The term pratyahara is composed of two Sanskrit words, prati and ahara. Ahara is defined as “food” or “anything we take into ourselves from the outside.” Prati is a preposition meaning “against” or “away. Together, Pratyahara refers to the “control of ahara,” or “gaining mastery over external influences.” Pratayahara is the fifth limb of yoga coming after Pranayama (Breathing techniques) and before Dharana (Focused attention). Control of the senses requires the development and control of prana because the senses follow prana(our vital energy). Unless our prana is strong, we will not have the power to control the senses. If our prana is scattered or disturbed, our senses will also be scattered and disturbed. Once we are able to gain control of our senses, only then can we enter a state of ultimate focus. There are four main forms of pratyahara: indriya-pratyahara — control of the senses; prana- pratyahara — control of prana; karma-pratyahara — control of action; and mano-pratyahara — withdrawal of mind from the senses.
Sometimes, when I entertain a negative thought such as a disagreement with someone at work or a deficiency mindset, these thoughts can create a chain of negative thoughts which can result in me being overwhelmed in negative emotions. This is my mind without purposeful control. When I apply pratyahara to my life now, I see things just as it is, not through the lens of good or bad. I don’t overly dwell on negative and positive experiences. I feel the emotions and let them go. I don’t let my emotions dictate how I react and behave.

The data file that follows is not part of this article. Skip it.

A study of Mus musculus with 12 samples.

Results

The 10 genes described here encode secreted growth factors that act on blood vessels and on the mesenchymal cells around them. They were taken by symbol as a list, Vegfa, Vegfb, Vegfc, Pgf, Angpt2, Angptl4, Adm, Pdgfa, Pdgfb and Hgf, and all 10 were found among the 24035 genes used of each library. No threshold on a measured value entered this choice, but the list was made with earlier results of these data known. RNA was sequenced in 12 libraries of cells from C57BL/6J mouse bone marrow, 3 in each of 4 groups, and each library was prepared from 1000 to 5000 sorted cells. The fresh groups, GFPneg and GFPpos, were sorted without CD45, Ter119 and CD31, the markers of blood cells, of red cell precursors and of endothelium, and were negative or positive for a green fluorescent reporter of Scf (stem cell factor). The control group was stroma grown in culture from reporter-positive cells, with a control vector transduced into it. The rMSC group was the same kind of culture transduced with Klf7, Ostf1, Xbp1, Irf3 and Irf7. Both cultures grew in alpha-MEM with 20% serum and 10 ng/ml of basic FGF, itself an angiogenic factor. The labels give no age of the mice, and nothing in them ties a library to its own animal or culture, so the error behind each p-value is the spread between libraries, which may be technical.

In the past, I realized how social media and constantly watching Netflix has negatively influenced me. The modern world has a plethora full of senses. Humans no longer create but consume mindlessly. By practicing pratyahara through the control of my senses, I significantly reduce the time spent on television, social media, and the internet. Instead, I find solace in taking walks in nature without my phone. Therefore, my senses are not overloaded.
Through the control of action, I understand that true happiness does not lie in getting what we want from the external world. True happiness only comes from yourself. All other external things can be enjoyed but not relied on for happiness. I used to think that when I could finally travel after covid then I will be happy but when that time came, I realized that I am still as unhappy as I was in Singapore. By doing my inner work, inner happiness from myself resulted, and I could rely on this inner happiness even when I’m not travelling. Pratyahara doesn’t mean don’t seek out pleasures in life but instead find happiness in yourself and enjoy these pleasures but don’t be confused from where real happiness comes from.